We haven’t checked in on Viktor Orban’s government in Hungary lately to see how their rather rocky relationship with the European Union has been going. As you may recall, the EU has been insisting on quotas of migrants and refugees for all of the member nations to accept. It’s a system which nearly cost Angela Merkel her job and has resulted in outright revolt in some of the more eastern nations in the union. For their part, Hungary was, shall we say… the most blunt. Rather than accepting the quotas, Hungary built a new wall on their southern border and shut down unauthorized migration to nearly zero this year.

So have relations begun to thaw yet? Not if the most recent release from a government spokesman is any indication. Describing the migration quotas as, “limitless and permanent,” Hungary’s government continues to draw a red line in the sand, saying they value the integrity of their nation more than membership in the union. (Breitbart)

In a stinging new op-ed, Hungarian government spokesman Zoltán Kovács has accused the European Parliament of surreptitiously removing all limits to the European migrant quota, effectively making it “limitless and permanent.”

The Hungarian Parliament roundly rejected the European Parliament’s decision, Kovács notes, saying that “the decision would change irreversibly the continent’s future.”

In his essay, Kovács harkens back to a 2015 proposal by the European Commission to resettle 40 thousand migrants among EU member states “in what would later become known as the infamous quota system.”

“That number quickly tripled, jumping to 120 thousand, but all the while, the proponents of this solution were insisting that it was just a one-time measure. Brussels is now pushing forward with a proposal for a permanent quota system with no upper limit,” the spokesman observes.

What we’re seeing from Brussels these days is some sort of utopian, socialist vision of a borderless world where everything will supposedly be just fine if we just do away with the idea of independent nations with their own national identity and mix up all the different societies sufficiently. How has that been working out so far? As Kovacs pointed out to the EU, they’ve seen 27 terrorist attacks in Europe, claiming the lives of 330 people and injuring 1,300 others. As millions of new arrivals, many from decidedly different cultures, flood into these historically established societies, there’s a lot more than just “diversity” taking shape.

Kovacs went on to demand that the European Union, “respect Hungary’s sovereignty and the will of its people.” It sounds to me as if the member states of the EU are now wrestling with some of the same issues our Founding Fathers had to cope with a couple of centuries back. States’ rights vs a strong, central government of a union. But we had one advantage the EU can’t match. At that time, the individual states were comprised largely of people coming from subsets of the same cultural heritage and not all that much “blending” was required. Not so for Europe, where people regularly drive along highways past buildings (or in some cases ruins) which have been standing since the middle ages. Most of those countries are not only comparatively ancient and unique in their societal heritage, but spent significant parts of previous centuries at war with each other.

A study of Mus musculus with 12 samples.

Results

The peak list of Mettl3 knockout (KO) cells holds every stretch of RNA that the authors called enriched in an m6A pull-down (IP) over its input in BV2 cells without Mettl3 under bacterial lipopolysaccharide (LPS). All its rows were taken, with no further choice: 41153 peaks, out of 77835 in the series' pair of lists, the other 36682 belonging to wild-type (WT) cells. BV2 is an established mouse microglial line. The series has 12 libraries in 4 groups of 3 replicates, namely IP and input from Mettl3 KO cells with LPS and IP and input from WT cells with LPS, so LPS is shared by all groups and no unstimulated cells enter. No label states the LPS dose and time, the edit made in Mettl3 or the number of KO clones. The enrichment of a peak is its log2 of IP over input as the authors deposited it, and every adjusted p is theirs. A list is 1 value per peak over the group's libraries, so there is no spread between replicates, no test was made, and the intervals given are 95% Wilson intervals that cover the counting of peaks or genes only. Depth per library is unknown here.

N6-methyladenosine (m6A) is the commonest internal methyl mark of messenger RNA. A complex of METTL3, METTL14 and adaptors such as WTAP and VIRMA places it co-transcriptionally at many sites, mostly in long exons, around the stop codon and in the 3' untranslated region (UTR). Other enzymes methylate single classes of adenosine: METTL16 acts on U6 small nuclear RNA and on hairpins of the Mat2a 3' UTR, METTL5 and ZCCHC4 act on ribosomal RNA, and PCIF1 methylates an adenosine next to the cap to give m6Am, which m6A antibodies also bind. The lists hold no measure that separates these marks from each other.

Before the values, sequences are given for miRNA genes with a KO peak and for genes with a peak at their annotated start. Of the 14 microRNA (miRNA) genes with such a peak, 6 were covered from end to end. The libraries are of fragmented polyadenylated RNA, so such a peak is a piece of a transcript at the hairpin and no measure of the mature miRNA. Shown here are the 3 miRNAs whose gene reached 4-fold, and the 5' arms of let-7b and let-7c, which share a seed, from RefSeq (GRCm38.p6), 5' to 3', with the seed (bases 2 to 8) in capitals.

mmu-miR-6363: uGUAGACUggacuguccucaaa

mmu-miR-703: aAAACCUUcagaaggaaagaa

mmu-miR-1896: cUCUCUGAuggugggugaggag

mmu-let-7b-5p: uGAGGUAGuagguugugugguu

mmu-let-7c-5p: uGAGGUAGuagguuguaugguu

Meanwhile in Austria, Sebastian Kurz is turning heads across Europe as he leads his party and nation in a decided turn to the right. (Politico)

Sebastian Kurz — the 31-year-old leader of the Austrian People’s Party (ÖVP) — is set to lead a right-leaning coalition that includes the far-right Freedom Party. The last time Austria’s populists won more than a quarter of the vote and played kingmaker, in 1999, the other EU members isolated Vienna through bilateral sanctions. But what shocked EU leaders then is barely causing a stir now.

In part, this is simply because the inclusion of the far right is not as shocking as it was 20 years ago. Since then, governments across Europe — from Hungary to Italy — have turned rightward and a host of mainstream political leaders have adopted anti-immigrant rhetoric in an effort to keep the political fringes at bay.

Exclusion is no longer an option. The EU is too busy trying to figure out how to respond to the most blatant challenges to its rule of law and other key values — from self-proclaimed “illiberal” governments in Budapest and Warsaw — to consider imposing sanctions on newer arrivals.

Does anyone seriously think that the EU is going to even attempt sanctioning and isolating Austria at this point? Several other member nations with the same complaints would be immediately up in arms. The union is walking a fine line between cohesion and collapse at the moment and if they push some of these countries too far they’ll have more “exits” on their hands. And given the current lay of the land, the EU wouldn’t survive too many more beatings like that.